Caldeira Lab Research:Ocean acidification and ocean carbon cycle

Ocean acidification and warming will lower coral reef resilience

Kenneth R. N. Anthony, Jeffrey A. Maynard, Guillermo Diaz-Pulido, Peter J. Mumby, Paul A. Marshall, Long Cao and Ove Hoegh-Guldberg

Coral reefs are affected by numerous processes and stresses, including global climate change and local conditions. Using model-simulated ocean warming and acidification as well as a dynamic community model, this study quantitatively shows that in a world with warmer and acidified oceans, coral reefs will be more vulnerable to local-scale stresses.

Anthony, K. R. N., Maynard, J. A., Diaz-Pulido, G., Mumby, P. J., Marshall, P. A., Cao, L. and Hoegh-Guldberg, O. (2011), Ocean acidification and warming will lower coral reef resilience. Global Change Biology, 17: 1798–1808. doi: 10.1111/j.1365-2486.2010.02364.x

Figure: Projected frequency distribution of relative abundances of corals (Acropora, panels a–c) and fleshy macroalgae (Lobophora, panels d–f) as a function of CO2 forcing and herbivore grazing rate (columns, as annual mortality rate of macroalgae). Arrows indicate direction of attraction within a sequence of three regimes: coral dominance, alternate stable states (shaded areas) and algal dominance. Simulations were run using ocean acidification and grazing as press-type disturbances whereas warming and resulting coral bleaching and mortality were modelled as acute (stochastic) events with varying frequency and intensity. Dashed vertical lines indicate combinations of coral abundance projections, CO2 regime and grazing rates subjected to sensitivity analyses.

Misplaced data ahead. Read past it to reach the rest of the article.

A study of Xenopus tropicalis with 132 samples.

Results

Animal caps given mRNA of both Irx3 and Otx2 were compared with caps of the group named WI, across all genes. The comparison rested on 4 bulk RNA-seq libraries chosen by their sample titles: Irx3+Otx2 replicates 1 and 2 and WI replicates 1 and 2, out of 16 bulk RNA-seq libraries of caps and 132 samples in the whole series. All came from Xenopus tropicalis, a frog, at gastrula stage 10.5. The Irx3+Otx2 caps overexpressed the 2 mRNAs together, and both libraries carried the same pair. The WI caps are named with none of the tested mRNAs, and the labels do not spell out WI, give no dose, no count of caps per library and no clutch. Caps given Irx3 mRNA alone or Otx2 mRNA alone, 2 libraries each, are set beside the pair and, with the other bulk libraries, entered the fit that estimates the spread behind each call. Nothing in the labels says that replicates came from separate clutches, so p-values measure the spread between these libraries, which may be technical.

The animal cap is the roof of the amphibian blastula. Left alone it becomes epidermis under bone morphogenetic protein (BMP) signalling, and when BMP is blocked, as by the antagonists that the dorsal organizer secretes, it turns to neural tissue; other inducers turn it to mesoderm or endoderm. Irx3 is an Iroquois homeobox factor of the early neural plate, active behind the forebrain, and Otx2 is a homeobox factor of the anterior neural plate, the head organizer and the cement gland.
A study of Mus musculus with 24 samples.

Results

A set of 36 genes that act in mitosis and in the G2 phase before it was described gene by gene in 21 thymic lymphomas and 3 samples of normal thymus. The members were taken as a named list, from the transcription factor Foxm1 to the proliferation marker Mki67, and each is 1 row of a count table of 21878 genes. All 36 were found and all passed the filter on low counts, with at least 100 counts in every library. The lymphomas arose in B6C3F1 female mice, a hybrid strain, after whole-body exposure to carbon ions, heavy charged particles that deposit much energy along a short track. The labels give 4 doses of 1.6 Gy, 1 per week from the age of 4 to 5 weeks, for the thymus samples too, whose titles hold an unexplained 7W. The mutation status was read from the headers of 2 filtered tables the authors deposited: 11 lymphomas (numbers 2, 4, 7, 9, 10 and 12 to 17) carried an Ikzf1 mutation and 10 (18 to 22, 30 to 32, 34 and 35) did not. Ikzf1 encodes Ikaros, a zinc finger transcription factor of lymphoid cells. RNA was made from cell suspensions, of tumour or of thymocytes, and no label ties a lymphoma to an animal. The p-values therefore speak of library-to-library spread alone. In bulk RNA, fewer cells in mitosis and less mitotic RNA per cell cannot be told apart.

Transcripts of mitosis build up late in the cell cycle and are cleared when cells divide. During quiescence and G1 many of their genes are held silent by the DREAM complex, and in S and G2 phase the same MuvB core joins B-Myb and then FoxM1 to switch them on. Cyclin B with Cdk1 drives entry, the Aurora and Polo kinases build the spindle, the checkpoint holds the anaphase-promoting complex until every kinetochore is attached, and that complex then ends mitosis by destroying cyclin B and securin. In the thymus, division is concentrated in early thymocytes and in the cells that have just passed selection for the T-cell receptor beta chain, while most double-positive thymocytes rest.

Ocean warming and acidification from increasing levels of atmospheric CO2 represent major global threats to coral reefs, and are in many regions exacerbated by local-scale disturbances such as overfishing and nutrient enrichment. Our understanding of global threats and local-scale disturbances on reefs is growing, but their relative contribution to reef resilience and vulnerability in the future is unclear. Here, we analyse quantitatively how different combinations of CO2 and fishing pressure on herbivores will affect the ecological resilience of a simplified benthic reef community, as defined by its capacity to maintain and recover to coral-dominated states. We use a dynamic community model integrated with the growth and mortality responses for branching corals (Acropora) and fleshy macroalgae (Lobophora). We operationalize the resilience framework by parameterizing the response function for coral growth (calcification) by ocean acidification and warming, coral bleaching and mortality by warming, macroalgal mortality by herbivore grazing and macroalgal growth via nutrient loading. The model was run for changes in sea surface temperature and water chemistry predicted by the rise in atmospheric CO2 projected from the IPCC’s fossil-fuel intensive A1FI scenario during this century. Results demonstrated that severe acidification and warming alone can lower reef resilience (via impairment of coral growth and increased coral mortality) even under high grazing intensity and low nutrients. Further, the threshold at which herbivore overfishing (reduced grazing) leads to a coral–algal phase shift was lowered by acidification and warming. These analyses support two important conclusions: Firstly, reefs already subjected to herbivore overfishing and nutrification are likely to be more vulnerable to increasing CO2. Secondly, under CO2 regimes above 450–500 ppm, management of local-scale disturbances will become critical to keeping reefs within an Acropora-rich domain.